We have created this Blog and the database to provide a place where the scientific community can share and update the fast growing knowledge and data on the study of greenhouse gas CO2, CH4, and N2O fluxes in Africa.

We are grateful for the numerous researchers and technicians who provide invaluable data. It is impossible to cite all the references due to limited space allowed and we apologize for the authors whose work has not been cited.

Chaplot et al. 2015. Surface organic carbon enrichment to explain greater CO2 emissions from short-term no-tilled soils.

Chaplot, V., Abdalla, K., Alexis, M., Bourennane, H., Darboux, F., Dlamini, P., Everson, C., McHunu, C., Muller-Nedebock, D., Mutema, M., Quenea, K., Thenga, H., Chivenge, P., 2015. Surface organic carbon enrichment to explain greater CO2 emissions from short-term no-tilled soils. Agriculture, Ecosystems & Environment 203, 110-118.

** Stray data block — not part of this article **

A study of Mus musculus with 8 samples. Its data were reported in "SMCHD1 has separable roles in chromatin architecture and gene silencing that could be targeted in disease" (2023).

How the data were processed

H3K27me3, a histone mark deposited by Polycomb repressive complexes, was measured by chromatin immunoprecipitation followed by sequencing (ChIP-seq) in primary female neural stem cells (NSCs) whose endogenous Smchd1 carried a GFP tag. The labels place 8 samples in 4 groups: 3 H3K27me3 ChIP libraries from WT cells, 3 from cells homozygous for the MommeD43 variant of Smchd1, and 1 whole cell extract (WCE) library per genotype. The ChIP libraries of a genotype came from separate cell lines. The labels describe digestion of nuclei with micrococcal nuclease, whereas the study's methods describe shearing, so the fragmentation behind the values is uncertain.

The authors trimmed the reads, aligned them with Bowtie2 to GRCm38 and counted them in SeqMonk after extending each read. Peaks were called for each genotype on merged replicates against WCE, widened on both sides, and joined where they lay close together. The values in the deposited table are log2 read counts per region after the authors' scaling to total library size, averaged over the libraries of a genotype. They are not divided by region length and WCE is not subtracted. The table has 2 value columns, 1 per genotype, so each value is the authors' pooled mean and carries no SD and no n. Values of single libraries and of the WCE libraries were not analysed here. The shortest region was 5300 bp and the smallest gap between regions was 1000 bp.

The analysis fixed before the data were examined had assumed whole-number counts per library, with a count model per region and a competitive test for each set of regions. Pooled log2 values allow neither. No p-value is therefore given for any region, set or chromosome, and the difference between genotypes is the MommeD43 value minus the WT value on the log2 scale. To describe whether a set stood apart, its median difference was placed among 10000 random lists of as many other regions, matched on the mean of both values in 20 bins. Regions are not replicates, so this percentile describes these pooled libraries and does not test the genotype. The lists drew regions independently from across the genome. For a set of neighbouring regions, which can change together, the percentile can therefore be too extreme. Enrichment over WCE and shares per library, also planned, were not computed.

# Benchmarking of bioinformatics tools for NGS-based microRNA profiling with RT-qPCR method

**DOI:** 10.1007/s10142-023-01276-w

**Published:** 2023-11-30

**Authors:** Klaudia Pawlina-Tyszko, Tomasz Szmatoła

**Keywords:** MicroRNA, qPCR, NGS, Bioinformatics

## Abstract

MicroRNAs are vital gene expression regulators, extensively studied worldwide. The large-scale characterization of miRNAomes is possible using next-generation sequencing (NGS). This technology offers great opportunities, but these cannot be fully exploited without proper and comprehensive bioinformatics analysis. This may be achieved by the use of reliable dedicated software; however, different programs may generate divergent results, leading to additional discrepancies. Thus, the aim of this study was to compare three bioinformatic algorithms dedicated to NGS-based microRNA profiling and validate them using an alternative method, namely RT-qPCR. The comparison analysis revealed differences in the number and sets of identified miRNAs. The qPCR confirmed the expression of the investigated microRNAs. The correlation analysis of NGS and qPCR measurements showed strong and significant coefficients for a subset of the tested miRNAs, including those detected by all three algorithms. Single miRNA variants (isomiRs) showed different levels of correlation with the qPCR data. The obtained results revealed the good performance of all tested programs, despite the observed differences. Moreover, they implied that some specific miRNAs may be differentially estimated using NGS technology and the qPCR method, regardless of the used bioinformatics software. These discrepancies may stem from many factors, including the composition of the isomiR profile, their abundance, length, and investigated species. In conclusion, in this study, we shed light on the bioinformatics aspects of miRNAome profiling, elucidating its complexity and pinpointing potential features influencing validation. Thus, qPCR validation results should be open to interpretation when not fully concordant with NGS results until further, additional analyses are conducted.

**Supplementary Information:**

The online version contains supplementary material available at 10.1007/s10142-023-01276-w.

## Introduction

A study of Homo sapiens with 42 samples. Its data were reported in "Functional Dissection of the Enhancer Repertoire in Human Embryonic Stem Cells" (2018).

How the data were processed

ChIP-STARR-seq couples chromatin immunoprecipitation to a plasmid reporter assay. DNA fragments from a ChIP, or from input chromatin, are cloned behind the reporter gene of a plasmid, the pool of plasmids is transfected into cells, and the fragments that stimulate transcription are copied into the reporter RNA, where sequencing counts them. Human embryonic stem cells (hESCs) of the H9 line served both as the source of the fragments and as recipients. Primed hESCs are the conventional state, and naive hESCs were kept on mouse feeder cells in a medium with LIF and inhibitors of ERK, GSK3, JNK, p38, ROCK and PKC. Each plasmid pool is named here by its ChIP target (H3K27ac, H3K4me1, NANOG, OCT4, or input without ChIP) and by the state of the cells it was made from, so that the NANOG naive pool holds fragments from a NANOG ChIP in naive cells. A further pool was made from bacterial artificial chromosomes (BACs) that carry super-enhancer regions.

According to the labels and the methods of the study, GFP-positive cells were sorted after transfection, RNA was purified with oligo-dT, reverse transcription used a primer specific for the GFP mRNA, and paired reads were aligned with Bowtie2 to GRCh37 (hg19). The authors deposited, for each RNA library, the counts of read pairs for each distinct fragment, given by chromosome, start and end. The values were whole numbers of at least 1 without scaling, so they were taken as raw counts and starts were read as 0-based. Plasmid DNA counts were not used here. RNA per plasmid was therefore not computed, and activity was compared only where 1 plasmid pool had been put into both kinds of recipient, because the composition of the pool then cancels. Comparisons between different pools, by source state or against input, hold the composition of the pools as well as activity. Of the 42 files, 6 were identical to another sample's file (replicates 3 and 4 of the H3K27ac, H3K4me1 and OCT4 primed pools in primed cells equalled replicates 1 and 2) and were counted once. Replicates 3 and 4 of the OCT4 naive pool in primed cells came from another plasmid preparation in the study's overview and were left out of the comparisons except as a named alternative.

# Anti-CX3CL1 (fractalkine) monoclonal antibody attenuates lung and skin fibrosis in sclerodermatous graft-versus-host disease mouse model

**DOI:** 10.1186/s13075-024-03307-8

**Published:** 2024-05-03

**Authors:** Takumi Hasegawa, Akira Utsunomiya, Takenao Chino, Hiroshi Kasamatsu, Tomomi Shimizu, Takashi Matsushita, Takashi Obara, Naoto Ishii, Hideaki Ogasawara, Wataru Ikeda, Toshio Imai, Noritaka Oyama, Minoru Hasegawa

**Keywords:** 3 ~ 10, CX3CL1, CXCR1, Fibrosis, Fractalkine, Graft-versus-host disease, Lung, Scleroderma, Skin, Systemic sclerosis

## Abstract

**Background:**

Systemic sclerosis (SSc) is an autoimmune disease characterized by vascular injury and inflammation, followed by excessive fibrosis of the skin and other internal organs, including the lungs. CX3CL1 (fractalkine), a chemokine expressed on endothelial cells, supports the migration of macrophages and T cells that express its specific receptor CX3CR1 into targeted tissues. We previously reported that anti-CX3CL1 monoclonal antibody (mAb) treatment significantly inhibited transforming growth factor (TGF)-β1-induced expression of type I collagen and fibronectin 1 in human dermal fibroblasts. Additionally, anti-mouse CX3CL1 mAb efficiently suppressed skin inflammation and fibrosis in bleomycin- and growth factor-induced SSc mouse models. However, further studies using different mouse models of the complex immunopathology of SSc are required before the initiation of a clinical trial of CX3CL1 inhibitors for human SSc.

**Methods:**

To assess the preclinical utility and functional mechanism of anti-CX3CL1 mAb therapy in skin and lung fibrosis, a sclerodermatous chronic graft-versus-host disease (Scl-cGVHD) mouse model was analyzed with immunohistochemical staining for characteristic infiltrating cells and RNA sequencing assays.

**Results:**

The impact of agricultural practices on CO2 emissions from soils needs to be understood and quantified to enhance ecosystem functions, especially the ability of soils to sequester atmospheric carbon (C), while enhancing food and biomass production. The objective of this study was to assess CO2 emissions in the soil surface following tillage abandonment and to investigate some of the underlying soil physical, chemical and biological controls. Maize (Zea mays) was planted under conventional tillage (T) and no-tillage (NT), both without crop residues under smallholder farming conditions in Potshini, South Africa. Intact top-soil (0–0.05 m) core samples (N = 54) from three 5 × 15 m2 plots per treatment were collected two years after conversion of T to NT to evaluate the short-term CO2 emissions. Depending on the treatment, cores were left intact, compacted by 5 and 10%, or had surface crusts removed. They were incubated for 20 days with measurements of CO2 fluxes twice a day during the first three days and once a day thereafter. Soil organic C (SOC) content, soil bulk density (ρb), aggregate stability, soil organic matter quality, and microbial biomass and its activity were evaluated at the onset of the incubation. CO2 emissions were 22% lower under NT compared with T with CO2 emissions of 0.9 ± 0.10 vs 1.1 ± 0.10 mg C–CO2 gC−1 day−1 under NT and T, respectively, suggesting greater SOC protection under NT. However, there were greater total CO2 emissions per unit of surface by 9% under NT compared to T (1.15 ± 0.03 vs 1.05 ± 0.04 g C–CO2 m−2 day−1). SOC protection significantly increased with the increase in soil bulk density (= 0.89) and aggregate stability (from 1.7 ± 0.25 mm to 2.3 ± 0.31, r = 0.50), and to the decrease in microbial biomass and its activity (r = −0.59 and −0.57, respectively). In contrast, the greater NT CO2 emissions per m2 were explained by top-soil enrichment in SOC by 48% (from 12.4 ± 0.2 to 19.1 ± 0.4 g kg−1, r = 0.59). These results on the soil controls of tillage impact on CO2 emissions are expected to inform on the required shifts in agricultural practices for enhancing C sequestration in soils. In the context of the study, any mechanism favoring aggregate stability and promoting SOC allocation deep in the soil profile rather than in the top-soil would greatly diminish soil CO2 outputs and thus stimulate C sequestration.